Internal risks, including information leakage, data theft, and employees and partners, continue to represent the greatest threat to corporate information security, a recent industry survey has found.
The poll of more than 40 IT security directors, taken at CSO Interchange, a seminar for blue-chip information security officers run by on-demand security provider Qualys, found that information leakage represents a “serious problem” for 45% of organisations.
A further 45% of respondents said information leakage was a “problem”, while only a meagre 5% could say definitively that it is “not an issue”.
Data theft is an area of particular concern, the poll revealed, with 15% of respondents admitting that their organisations have “no controls in place” to manage the threat. Of those organisations that do have controls, a staggering 67% agreed that these are “not robust”.
More worryingly, nearly 10% of information security directors said the risk of data theft has never even been assessed.
So-called insiders, including employees, partners and virtual workers, represent the single greatest hazard where corporate information security is concerned, outstripping vulnerabilities and malware, the survey found.
In sum, the poll revealed an information security community preoccupied by an expanding range of internal risks, with 64% of respondents finding it more difficult to secure their networks in the current corporate environment, compared to only a year ago.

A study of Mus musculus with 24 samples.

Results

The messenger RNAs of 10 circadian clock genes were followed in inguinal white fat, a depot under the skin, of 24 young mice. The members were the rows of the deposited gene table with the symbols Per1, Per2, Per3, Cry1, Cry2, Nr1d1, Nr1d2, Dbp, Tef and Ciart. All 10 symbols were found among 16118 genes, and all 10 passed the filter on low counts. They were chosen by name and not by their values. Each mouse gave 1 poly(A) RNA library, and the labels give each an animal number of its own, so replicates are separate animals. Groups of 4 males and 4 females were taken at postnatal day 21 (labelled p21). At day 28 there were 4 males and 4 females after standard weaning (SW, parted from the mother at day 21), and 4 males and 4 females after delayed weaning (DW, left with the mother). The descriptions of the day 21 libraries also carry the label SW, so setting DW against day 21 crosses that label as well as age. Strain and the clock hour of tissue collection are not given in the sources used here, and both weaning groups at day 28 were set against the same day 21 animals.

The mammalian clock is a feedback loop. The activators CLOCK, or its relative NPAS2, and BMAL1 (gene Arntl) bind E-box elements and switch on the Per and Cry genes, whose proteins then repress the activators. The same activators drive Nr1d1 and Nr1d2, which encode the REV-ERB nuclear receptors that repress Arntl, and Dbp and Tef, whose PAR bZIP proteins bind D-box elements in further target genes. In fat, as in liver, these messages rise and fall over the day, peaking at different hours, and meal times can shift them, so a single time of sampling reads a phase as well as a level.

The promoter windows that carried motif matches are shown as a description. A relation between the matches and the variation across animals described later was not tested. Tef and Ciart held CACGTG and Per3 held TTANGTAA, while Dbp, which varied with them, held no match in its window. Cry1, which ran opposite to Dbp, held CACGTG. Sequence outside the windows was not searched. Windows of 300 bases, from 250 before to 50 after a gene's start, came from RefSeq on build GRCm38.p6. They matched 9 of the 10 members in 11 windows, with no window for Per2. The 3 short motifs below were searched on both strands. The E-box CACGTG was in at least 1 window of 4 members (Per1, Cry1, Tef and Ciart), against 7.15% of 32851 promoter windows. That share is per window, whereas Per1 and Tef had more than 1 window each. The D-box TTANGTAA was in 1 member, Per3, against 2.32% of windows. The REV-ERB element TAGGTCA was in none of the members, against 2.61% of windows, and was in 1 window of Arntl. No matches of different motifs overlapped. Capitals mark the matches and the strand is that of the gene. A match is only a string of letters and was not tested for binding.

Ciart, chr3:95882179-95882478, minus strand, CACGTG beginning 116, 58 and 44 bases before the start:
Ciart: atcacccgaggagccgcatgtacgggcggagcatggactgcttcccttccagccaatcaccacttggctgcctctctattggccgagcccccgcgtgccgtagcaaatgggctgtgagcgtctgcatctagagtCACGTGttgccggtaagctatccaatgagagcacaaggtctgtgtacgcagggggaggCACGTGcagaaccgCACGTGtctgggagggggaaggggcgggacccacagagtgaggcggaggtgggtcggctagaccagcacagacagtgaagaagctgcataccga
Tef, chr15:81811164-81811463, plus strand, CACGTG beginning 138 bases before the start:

The findings come just as a series of warnings, issued by global credit checking organisation Experian, security giant McAfee, and even MI5, have served to underline the truly startling global scale of corporate espionage, and IP and data theft – perpetrated by both outsiders and insiders alike.
On Monday, The Times newspaper reported that none other than Shell and Rolls Royce have recently fallen victim to sustained spying attacks, in which confidential information was stolen.
Such activity is being driven by the international trade in corporate and personal data, which many security experts argue has effectively become a currency in itself, lubricating a global shadow economy.
Meanwhile, innovations in mobile working, data capture mechanisms, and dramatic changes in corporate business models, have served to all but dissolve both the concept and reality of a corporate boundary or outer “wall”, facilitating the large-scale theft of data from multiple points of access.
November's spectacular HMRC data breach, in which the personal details relating to nearly half the country were allegedly lost in transit, has also highlighted the threat presented by the systemic failure of process controls and the sheer incompetence of employees.
The CSO Interchange poll findings suggest that many organisations are struggling to get to grips with the inherent complexity of these problems, even if the awareness of such issues is on the rise.